Gerilyn Brault (left) and Lauren King Thompson in "Head Over Heels." Photo by Andrea Agosto
To fully enjoy “Head Over Heels,” it is necessary to accept the incongruity of characters speaking in blank verse one moment, then breaking into ‘80s Go-Go’s lyrics the next.
Once you’re past that, s’all good.
Diversionary Theatre had planned to stage “Head Over Heels,” written by Jeff Whitty (“Avenue Q”) and adapted from Sidney’s text by James MacGruder, in the spring of 2020. Three years after the official acknowledgement of the COVID-19 pandemic, “Head Over Heels” is closing Diversionary’s 2022-2023 season. It also happens to be the swan song for Executive Artistic Director Matt Morrow, who’s departing to become artistic director at Center Repertory Company in Northern California. Morrow co-directed “Head Over Heels” with Steven Brotebeck, who directed a previous show built upon pop songs – “Girlfriend” with the music of Matthew Sweet – at Diversionary in 2019.
Make no mistake: the Go-Go’s are more pop band than anything else, which is why their songs work so well in “Head Over Heels.” “Heaven Is A Place On Earth,” for one, has show tune written all over it.
This is a strange but completely likable show. It’s based on Sir Philip Sidney’s 16th-century pastoral romance “Arcadia,” of all things. Basilius, king of the realm (Scott Ripley), is warned of by an oracle (Faith Carrion) that the “Beat” that keeps the kingdom intact is threatened. At the same time, he’s trying to marry off his older daughter Pamela (Gerilyn Brault) to a worthy suitor while shunning the shepherd swain (Joey Kirkpatrick) who’s eyeing younger daughter Philoclea (Adelaida Martinez).
Basilius’ strong-willed queen Gynecia (Amanda Naughton) is frustrated by most of this and especially frustrated by her blowhard of a husband. When the shepherd is persuaded by the nonbinary oracle to dress in women’s clothes and Pamela learns that her handmaid Mopsa (Lauren King Thompson) is in love with her, two foundations of “Head Over Heels” become clear: The story has all the wild complications of a Shakespearean romp. And playwright Whitty is making a trenchant comment on gender identity, otherness and acceptance, which thrusts this show emphatically into the now.
Throughout, Go-Go’s tunes propel the storytelling – at times appropriately, lyrically speaking; at other times apparently at random. I’m not a fan, per se, so some of the songs in “Head Over Heels” were foreign to me. About all of them, though, are accessible and compatible with the spirit of the show.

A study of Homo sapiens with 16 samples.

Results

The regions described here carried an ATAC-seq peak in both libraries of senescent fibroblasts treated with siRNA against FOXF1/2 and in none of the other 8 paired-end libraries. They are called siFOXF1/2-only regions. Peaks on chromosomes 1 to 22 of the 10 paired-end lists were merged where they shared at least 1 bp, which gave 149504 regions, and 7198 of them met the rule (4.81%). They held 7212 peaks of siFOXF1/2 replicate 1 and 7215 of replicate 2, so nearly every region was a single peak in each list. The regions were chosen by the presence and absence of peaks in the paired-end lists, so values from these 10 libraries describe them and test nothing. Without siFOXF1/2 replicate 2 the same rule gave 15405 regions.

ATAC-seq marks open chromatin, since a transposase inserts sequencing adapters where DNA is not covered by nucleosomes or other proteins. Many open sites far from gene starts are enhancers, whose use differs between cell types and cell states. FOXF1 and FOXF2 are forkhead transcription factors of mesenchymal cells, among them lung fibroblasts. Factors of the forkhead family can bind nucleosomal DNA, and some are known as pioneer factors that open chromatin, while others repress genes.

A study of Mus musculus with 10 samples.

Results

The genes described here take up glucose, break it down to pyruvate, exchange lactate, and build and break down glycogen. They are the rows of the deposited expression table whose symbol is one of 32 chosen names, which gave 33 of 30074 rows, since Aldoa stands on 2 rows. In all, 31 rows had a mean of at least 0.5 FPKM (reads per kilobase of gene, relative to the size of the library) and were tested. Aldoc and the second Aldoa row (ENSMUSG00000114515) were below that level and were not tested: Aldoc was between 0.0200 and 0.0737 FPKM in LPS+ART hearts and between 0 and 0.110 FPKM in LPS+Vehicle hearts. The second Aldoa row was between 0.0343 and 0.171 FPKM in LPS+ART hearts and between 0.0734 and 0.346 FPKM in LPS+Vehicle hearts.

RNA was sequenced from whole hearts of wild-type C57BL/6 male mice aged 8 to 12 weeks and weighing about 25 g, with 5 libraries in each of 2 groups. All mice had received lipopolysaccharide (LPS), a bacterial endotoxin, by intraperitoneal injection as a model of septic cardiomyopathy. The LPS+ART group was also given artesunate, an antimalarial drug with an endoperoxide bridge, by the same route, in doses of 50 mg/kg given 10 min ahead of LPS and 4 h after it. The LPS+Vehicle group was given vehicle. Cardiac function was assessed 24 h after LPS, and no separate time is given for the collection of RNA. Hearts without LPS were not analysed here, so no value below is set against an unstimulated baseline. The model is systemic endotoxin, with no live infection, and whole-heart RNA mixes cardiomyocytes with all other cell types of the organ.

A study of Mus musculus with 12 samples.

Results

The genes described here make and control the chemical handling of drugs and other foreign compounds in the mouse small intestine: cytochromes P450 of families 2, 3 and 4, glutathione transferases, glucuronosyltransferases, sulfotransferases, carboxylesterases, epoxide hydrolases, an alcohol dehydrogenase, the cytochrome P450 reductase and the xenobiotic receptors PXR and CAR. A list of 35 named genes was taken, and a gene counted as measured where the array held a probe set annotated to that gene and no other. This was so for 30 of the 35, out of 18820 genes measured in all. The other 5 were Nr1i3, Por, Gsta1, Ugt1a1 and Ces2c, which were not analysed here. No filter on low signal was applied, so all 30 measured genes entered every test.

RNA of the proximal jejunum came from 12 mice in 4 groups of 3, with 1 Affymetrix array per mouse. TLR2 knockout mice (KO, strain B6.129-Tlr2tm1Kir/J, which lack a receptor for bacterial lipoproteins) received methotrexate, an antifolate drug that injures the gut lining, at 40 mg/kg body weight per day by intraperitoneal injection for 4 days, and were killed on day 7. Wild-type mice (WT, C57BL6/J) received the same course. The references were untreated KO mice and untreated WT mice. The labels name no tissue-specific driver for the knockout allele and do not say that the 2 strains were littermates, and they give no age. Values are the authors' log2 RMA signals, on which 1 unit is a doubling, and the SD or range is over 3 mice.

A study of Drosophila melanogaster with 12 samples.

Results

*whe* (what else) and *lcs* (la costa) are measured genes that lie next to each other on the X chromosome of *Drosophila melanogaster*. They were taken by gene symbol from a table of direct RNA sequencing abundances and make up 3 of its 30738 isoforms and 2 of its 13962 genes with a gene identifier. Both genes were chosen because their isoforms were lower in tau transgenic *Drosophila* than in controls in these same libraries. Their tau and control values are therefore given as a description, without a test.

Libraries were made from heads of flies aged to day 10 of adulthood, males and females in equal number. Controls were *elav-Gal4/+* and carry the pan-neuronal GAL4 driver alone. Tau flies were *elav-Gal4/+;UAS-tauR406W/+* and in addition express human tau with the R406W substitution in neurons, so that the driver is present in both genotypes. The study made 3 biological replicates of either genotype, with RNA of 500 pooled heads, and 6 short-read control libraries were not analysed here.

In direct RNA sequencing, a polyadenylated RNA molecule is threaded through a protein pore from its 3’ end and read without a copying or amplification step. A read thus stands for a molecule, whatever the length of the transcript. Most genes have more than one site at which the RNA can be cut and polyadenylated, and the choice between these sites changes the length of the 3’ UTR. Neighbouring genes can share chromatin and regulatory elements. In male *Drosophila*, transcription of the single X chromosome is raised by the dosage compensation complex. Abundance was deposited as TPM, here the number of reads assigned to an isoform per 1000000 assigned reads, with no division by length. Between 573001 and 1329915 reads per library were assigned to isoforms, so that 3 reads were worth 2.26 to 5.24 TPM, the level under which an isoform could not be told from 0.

The musical begins with the band’s best remembered tune of all – “We’ve Got the Beat,” setting the tone for not only the soundtrack of “Head Over Heels,” but the high-spirited choreography (by Katie Banville), well executed by the show’s large ensemble.
There were some sporadic sound problems on opening night which undoubtedly will be corrected, though the five-member onstage band led by Patrick Marion rocked with nary a moment of unwanted feedback.
The Diversionary cast is exceptional, starting with Brault, whose Pamela is a hoot and a holler. The high wig she wears in the first half of the show, looking like something Elton John borrowed from Effie in “The Hunger Games,” doesn’t detract from her comic timing or lovely singing voice.
Twenty-three-year-old Martinez is a sweet and sweet-voiced presence throughout, and Naughton as always can do no wrong onstage.
Berto Fernandez and Carrion wring maximum effect from their character roles.
It seemed as if “Head Over Heels” never completely balanced its messaging with its antics. Both are very obvious, but in a show like this one, that’s okay. Call it a terrible cliché, but there really is something for everybody in this crowd-pleaser of a show.
“Head Over Heels” runs through June 18 at Diversionary Theatre in University Heights.
David L. Coddon is a Southern California theater critic.